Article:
April 4, 2011

On the Rule of St. Benedict: Brevity is the Soul...

 Posted by the Reverend Josh W. Hale (@expatminister)

Brevity is the soul of wit,” as Shakespeare famously admonished Hamlet through the character of Polonius. Would he also advise us that brevity is “the soul of prayer”?

If I had a penny for every liturgy or prayer service in which I’ve participated that equated excessive wordiness with superior faithfulness, then, well, I’d have a lot of pennies.

There’s a pernicious impulse that plagues our prayers and no tradition, group, or type of Christian is exempt. It goes like this: “If I just said a few more words so God would understand,” or “Using the most right words shows this congregation has the right attitude for prayers to be answered,” or so on.

St. Benedict knows too well our tendencies towards self-deception. He has been part of a Christian community too long to be unaware of the temptation to “heap up empty phrases.” This is something that touches not just on our own sinfulness but directly affects our community. Benedict is keen on rooting it out.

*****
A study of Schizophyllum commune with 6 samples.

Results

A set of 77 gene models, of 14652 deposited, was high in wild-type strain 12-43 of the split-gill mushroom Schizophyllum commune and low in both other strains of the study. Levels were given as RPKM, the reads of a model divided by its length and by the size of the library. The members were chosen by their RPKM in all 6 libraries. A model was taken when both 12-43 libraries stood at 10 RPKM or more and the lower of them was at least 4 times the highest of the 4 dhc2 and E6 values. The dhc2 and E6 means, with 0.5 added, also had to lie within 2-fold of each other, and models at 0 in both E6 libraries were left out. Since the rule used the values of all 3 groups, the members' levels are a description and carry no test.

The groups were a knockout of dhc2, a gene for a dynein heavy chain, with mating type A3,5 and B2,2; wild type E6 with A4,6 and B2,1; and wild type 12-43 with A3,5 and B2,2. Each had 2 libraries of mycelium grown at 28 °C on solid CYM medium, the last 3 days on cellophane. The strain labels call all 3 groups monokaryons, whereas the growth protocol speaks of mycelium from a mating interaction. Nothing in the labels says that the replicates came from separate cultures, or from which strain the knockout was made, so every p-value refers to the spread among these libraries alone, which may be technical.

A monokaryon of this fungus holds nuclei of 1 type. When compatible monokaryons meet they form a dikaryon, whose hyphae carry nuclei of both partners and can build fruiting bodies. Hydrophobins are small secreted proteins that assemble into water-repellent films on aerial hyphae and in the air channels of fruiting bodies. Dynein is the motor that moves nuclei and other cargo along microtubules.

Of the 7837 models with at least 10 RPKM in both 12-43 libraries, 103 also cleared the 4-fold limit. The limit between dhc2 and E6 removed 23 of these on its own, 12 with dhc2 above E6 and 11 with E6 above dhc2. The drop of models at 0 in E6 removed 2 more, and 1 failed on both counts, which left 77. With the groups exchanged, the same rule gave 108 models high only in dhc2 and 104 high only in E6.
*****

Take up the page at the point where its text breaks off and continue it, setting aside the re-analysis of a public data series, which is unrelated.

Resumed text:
Indeed we must grasp that it is not by using many words that we shall get our prayers answered, but by purity of heart and repentance with tears. (RB 20:3)
He goes on to say that although the Holy Spirit may occasionally and uniquely move us to lengthen our prayers, this should always be done during our personal prayer time and not in communal liturgy. Why?

The faithfulness of our prayers is not indicated by their length!

Early North American theologian Jonathan Edwards wrote an entire treatise on “Religious Affections,” exploring what might indicate true, deep emotions motivated by God…and what doesn’t. He devotes an entire chapter to the ambiguity of abundant talk, and titles it:
“It is no sign that affections are truly gracious affections, or that they are not, that they cause those who have them to be fluent, fervent, and abundant, in talking of the things of religion.”
I would go so far as to say our own capacity for self-deception, coupled with our propensity for performance when around others, mixes a spiritually-lethal cocktail for Christian community. Long, formal, or even fervent prayers are not, by necessity, holy; in fact, they too often become an occasion for our lack of discipline and humility to take over even the most pious intentions.

I imagine that these two students of human frailty, Benedict and Edwards, might say that attention to the words by which we address God cultivates space for the Holy Spirit to work. As we pray together during Lent — and for long after! — may we observe the creative Spirit indeed making all things new in our soul through brevity of prayer.